Reviewer: Benjamin Champagne
Venue: Pit and Balcony Theatre
Theatre in the Great Lakes Bay Region is back!
After 11 months without a show, Rogues Gallery opened Thursday February 4th at Pit and Balcony Theatre in Saginaw, MI. The play was written by John Patrick Shanley, famous for winning a Pulitzer Prize for his amazing play Doubt. This was a novel selection by Pit and Director Jonah Conner. The rights were difficult to secure as the play was literally hot off the presses. Shanley penned this during the Pandemic.
Pit does a great job at making it a safe environment. Masks are enforced. Touch-less transactions are made possible throughout. There is limited capacity and seating as they are only doing a percentage of availability. There are still some tickets for sale and it is best to call ahead or search online. Now onto the play itself.
This play is a winner for me. It ticks all of my boxes as a consumer of contemporary art, hip theatre, A24 films, etc. You have two weekends to see it for yourself. The next showing is tonight Friday, February 5th.
All of the vignettes are monologues. This is brilliant writing for so many reasons. Obviously from a technical standpoint and even a moral position, this is the kind of theatre we can produce right now. But also, it emotes the time we are living. Seeing one player on the stage makes sense right now. It weaves through many characters and stories, one at a time. As Conner points out in his director’s note, he is grateful to have actors willing to “explore humanity”, and this is exactly what it does.
The play has a very contemporary feel. There are some references to the virus. Throughout the play are many allusions to touch. The characters are haunted by the touch of another character not seen. This is perfect writing for the year 2020 and 2021. The players each take a turn at interpreting the writings and assessing the situation of what it is to be alone. What is to yearn, or to regret or to have made a mistake.
Or to be duplicated.
Because another theme in all of the vignettes is a sense of loss of self. Or that a duplicated other is in the world. If this makes you think of ghost stories, you are in the wrong direction. It has the air of a bizzaro world. A comedy of errors that is unsettling at times. It is funny. It has several laugh out loud moments in the stories. But occasionally pieces aren’t jokes.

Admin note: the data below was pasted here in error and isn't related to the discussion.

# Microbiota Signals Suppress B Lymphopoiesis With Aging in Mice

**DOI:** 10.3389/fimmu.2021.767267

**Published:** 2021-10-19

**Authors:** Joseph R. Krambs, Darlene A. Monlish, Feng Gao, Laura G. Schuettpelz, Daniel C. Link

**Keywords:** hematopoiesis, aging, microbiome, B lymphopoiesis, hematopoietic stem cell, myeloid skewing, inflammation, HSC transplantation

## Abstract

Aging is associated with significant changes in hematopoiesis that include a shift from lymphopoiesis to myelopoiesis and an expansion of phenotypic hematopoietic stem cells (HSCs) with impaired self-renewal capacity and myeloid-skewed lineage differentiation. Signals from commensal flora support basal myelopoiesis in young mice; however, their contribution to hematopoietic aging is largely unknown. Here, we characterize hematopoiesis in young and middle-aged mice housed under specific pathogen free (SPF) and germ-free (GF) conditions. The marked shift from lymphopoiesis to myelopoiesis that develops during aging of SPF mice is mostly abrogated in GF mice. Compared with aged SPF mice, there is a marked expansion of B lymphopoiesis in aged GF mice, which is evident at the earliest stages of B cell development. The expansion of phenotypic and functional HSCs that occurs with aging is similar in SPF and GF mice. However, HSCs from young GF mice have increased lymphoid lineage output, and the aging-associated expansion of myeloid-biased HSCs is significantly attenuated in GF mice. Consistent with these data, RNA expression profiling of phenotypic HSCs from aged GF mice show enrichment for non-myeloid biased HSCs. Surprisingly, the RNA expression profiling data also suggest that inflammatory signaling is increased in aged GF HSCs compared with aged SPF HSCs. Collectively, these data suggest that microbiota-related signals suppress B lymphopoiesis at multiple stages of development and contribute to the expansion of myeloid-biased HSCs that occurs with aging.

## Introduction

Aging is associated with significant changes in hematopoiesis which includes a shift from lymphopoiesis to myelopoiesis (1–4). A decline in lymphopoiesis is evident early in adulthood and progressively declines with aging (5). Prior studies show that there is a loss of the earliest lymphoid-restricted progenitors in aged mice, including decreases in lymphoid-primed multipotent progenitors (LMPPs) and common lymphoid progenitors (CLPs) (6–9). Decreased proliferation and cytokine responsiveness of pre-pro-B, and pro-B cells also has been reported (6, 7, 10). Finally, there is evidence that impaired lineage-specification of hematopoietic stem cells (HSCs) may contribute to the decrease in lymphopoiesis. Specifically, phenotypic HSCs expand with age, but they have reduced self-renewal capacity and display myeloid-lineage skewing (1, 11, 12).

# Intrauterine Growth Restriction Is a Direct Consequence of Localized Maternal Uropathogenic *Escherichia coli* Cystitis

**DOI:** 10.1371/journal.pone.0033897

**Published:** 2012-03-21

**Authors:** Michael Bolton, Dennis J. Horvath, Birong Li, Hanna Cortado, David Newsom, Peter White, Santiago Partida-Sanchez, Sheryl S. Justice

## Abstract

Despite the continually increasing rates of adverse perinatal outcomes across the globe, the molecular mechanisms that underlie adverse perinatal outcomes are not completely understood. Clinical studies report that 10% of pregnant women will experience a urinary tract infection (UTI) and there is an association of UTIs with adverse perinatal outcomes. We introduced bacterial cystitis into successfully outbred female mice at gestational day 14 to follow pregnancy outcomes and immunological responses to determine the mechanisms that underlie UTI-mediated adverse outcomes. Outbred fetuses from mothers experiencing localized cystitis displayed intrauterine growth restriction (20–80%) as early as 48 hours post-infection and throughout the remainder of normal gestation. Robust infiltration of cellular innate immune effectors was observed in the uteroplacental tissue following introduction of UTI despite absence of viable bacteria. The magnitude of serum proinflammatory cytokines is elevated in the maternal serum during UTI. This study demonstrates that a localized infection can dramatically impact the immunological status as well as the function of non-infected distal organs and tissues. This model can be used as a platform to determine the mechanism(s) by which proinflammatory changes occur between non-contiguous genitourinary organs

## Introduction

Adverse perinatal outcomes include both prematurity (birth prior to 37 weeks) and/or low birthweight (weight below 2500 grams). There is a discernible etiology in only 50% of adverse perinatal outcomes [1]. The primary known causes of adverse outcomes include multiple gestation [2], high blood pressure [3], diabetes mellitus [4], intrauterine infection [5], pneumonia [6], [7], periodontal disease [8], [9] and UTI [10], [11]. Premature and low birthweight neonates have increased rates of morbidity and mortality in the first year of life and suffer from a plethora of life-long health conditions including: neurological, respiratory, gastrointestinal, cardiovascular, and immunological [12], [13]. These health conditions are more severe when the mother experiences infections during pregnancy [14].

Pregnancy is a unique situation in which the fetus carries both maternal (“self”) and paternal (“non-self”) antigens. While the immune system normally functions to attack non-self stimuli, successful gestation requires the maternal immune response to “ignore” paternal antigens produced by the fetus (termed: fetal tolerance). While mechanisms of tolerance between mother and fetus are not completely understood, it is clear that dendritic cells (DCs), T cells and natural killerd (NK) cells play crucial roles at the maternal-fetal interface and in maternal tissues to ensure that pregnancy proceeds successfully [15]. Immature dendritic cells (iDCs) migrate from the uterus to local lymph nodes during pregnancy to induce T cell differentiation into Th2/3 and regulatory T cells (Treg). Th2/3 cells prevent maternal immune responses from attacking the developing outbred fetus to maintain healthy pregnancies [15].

Actress Abby Burgess discusses pulling a black fish from the inside of her abdomens. Some in the crowd laugh and that is good. But I could relate. Through this year we have been forced to perform crude surgeries with the wrong tools, in back rooms we should have never have found ourselves. In another scene she delivers some intense lines about love that truly shine. The plot in that scene resonates with the frequency of contemporary life. She finds out she has been made into a husk by modern technology. She feels she is the shell of a human and must salvage her dignity and her love. It’s powerful writing. And clever. For fans of Spike Jonze’s film Her.
Colorgio Romello has a spectrum of characters to play. Ranging from lover to fashionista. But the stand out is his body language while playing a New Yorker who is comfortable with his own lies. He splays his body openly. It lets us know that truth isn’t in words alone. Truth is found in how we open ourselves and what we admit within ourselves. The writing is simple and effective. The lines he delivered are fun and full of revelry. It is a relatable and humble vignette amidst many complex characters. The clarity makes it powerful.
The set was a bit of a mess and hard for me to understand, but it seemed of little consequence. Perhaps a reflection of the garbled mess of humans on display. The lighting was perfect. Simple, never out of bounds or unnecessary and always flowing with and following the characters. Ditto opens with a dramatic single blue/white light. When the light moves to every corner of the stage in warm yellows and ambers it feels just right. The blue/white light closes the way it came in and it is nearly shocking.
The play ends with a monologue that Amy Spadafore says was written in 18 point Comic Sans, clocking in at 44 pages long. This is truly an achievement for Rustin Myers. He will be quoting this monologue for the rest of his life. This scene has the grandeur we may associate with the playwright. Many big words, large concepts, a complex plot line. The actor and the play itself, the director; everything cumulates to put to rest the idea that there is some better version of ourselves out there waiting, to save us. This is the final statement of the play.
This is it. This pandemic is part of life and is life. This is who you are. This is who we are. Things will change and that is its part. There is determination in the left hand and acceptance in the right hand. And they shake. For more information check out Pit and Balcony’s Facebook Page.